The Georgian and Russian Foreign Ministers signed a joint communique in Moscow on May 30 which prescribes stages for the withdrawal of Russian military bases from Batumi and Akhalkalaki and which says that the pullout process will be over during 2008.
“We are glad to announce that talks over a joint communiqué, which concerns the important aspect of Russ-Georgian relations, are over. Special attention is paid in this communique to organizing the process of the withdrawal of the Russian military bases – initially from Akhalkalaki and then from Batumi,” Russian Foreign Minister Sergey Lavrov said at a joint news conference with his Georgian counterpart, after the talks.
“The complete withdrawal will be finished during 2008. Stages of this withdrawal are prescribed in detail in the communique – both the pull out of military hardware and the withdrawal of the bases’ personnel, as well as [the process of] handing over those [Russian] military facilities, which are not the part of Batumi and Akhalkalaki military bases, to the Georgian side” the Russian Foreign Minister said.
He said that the communique also reflects the position of both sides that the withdrawal should be carried out in “an organized” manner, “without creating any discomfort to the personnel” of these military bases.
“And we have found a mutually acceptable agreement on how to organize [this process],” Lavrov added.
Georgian Foreign Minister Salome Zourabichvili said that a “very constructive and important step has been made” by signing this joint communique. “We have reached the goal which we were aiming for,” she added.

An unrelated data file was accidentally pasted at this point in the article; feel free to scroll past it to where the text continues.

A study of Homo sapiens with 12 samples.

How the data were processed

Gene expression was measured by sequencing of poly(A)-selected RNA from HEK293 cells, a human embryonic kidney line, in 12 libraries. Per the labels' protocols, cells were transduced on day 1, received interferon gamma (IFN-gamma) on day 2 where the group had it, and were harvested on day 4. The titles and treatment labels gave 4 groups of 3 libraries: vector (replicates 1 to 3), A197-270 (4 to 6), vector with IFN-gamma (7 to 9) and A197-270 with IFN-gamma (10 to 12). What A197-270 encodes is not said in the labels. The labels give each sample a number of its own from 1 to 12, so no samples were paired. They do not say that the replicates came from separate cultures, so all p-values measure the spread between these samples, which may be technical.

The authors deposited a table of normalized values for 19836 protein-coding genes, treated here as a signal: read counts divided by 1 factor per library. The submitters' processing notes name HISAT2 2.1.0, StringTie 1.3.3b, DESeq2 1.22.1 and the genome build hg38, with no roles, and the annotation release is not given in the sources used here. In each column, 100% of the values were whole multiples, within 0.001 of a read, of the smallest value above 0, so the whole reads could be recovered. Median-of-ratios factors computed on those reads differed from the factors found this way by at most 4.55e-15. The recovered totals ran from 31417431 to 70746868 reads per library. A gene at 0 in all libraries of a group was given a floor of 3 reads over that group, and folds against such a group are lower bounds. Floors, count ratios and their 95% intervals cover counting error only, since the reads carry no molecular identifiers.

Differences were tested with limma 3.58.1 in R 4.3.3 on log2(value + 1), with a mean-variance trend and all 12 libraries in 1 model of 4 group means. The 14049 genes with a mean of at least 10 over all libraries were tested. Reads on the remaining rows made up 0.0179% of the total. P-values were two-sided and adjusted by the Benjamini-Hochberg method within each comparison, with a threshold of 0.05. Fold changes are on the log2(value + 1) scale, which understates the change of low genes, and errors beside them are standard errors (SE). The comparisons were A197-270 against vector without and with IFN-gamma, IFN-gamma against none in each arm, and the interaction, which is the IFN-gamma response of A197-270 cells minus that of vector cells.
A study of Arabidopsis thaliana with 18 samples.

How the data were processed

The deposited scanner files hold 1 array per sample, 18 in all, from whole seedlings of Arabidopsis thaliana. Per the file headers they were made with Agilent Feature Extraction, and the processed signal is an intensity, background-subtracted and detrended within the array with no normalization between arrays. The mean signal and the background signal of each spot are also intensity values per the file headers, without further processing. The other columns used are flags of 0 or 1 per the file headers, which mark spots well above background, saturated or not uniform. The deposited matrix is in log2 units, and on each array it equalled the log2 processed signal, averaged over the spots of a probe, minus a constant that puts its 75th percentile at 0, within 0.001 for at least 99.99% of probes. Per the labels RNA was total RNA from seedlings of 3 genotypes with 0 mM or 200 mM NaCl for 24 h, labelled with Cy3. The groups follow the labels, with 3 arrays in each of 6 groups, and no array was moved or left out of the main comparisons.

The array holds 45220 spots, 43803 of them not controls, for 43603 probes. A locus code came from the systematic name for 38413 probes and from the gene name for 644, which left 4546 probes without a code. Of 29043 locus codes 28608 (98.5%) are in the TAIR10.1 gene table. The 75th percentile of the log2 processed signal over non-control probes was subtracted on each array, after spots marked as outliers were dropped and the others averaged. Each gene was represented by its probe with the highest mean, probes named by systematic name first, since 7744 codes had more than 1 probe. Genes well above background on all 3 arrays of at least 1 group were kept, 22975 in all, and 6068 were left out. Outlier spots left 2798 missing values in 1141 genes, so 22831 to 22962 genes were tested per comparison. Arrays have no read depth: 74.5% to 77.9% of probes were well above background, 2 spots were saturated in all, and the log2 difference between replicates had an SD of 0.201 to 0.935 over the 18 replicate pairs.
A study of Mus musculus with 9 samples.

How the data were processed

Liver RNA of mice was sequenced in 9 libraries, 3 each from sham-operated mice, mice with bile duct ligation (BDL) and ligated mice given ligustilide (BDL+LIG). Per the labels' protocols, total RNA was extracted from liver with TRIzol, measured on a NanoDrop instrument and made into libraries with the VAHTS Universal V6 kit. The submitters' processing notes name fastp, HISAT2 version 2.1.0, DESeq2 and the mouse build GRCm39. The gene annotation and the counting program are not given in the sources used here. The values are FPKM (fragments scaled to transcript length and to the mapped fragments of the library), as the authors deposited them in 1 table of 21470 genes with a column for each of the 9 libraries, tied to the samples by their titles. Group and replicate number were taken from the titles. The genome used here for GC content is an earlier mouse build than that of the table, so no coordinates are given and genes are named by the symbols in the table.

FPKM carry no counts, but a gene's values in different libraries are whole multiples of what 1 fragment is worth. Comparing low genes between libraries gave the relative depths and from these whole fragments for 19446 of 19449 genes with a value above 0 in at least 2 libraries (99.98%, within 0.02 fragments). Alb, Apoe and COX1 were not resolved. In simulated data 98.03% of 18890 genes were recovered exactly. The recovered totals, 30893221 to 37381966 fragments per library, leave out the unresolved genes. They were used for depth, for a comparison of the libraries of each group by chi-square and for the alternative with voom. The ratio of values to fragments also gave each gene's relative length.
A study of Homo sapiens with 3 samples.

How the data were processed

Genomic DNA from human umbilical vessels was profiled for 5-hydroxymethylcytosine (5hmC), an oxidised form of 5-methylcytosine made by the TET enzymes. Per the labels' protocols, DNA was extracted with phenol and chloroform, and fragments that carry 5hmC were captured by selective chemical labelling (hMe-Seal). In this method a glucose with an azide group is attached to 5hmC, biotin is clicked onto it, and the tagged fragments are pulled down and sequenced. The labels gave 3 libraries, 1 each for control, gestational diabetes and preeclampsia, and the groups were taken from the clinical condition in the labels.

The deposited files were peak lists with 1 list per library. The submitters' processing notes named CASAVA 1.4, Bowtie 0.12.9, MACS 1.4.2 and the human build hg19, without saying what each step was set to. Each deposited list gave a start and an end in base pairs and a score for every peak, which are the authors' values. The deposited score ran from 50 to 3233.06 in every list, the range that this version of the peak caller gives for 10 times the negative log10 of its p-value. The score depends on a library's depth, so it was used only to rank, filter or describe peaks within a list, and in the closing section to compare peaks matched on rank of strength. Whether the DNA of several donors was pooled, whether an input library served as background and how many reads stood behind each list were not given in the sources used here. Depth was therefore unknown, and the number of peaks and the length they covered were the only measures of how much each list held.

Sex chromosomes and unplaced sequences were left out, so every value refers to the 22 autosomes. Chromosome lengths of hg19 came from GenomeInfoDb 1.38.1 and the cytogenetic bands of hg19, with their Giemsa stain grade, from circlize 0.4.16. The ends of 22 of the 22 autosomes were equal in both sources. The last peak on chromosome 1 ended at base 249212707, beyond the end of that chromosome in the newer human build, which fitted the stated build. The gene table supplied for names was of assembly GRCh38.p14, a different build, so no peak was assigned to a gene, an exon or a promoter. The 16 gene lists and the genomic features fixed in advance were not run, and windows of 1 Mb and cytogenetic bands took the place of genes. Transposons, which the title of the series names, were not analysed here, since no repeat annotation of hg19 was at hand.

Zourabichvili emphasized the fact that according to the communique, the process of withdrawal will be stage-by-stage and that this process is prescribed in details – the main issue that Tbilisi wants to see in a final agreement, which will be signed by the Presidents of Georgia and Russia.
“[These stages] will gradually lead us to the prompt withdrawal of the Russian military bases,” she said, adding that the process of withdrawal should not harm bilateral relations between Tbilisi and Moscow, but instead, “should foster to move these relations to a new level.”
Zourabichvili also said that “much is still to be done.” “The process will not be easy. But it has been launched and this is important; we laid the foundation which will enable us to move forward,” she said.
The joint communique also reflects other aspects of Russo-Georgian relations. Sergey Lavrov said that according to this communique the sides pledged to finalize the process of negotiations over delimitation of state borders between Russia and Georgia by the end of this year.
“[In the communique] we have also confirmed our readiness to jointly work over the political settlement of the conflicts in Abkhazia and South Ossetia through peaceful means,” Lavrov said.
“We think the signing of this communique will foster the development of relations between our countries,” the Russian Foreign Minister added.
He said that experts from the two countries will start working over “technical aspects” of implementation of this joint communique starting from May 31.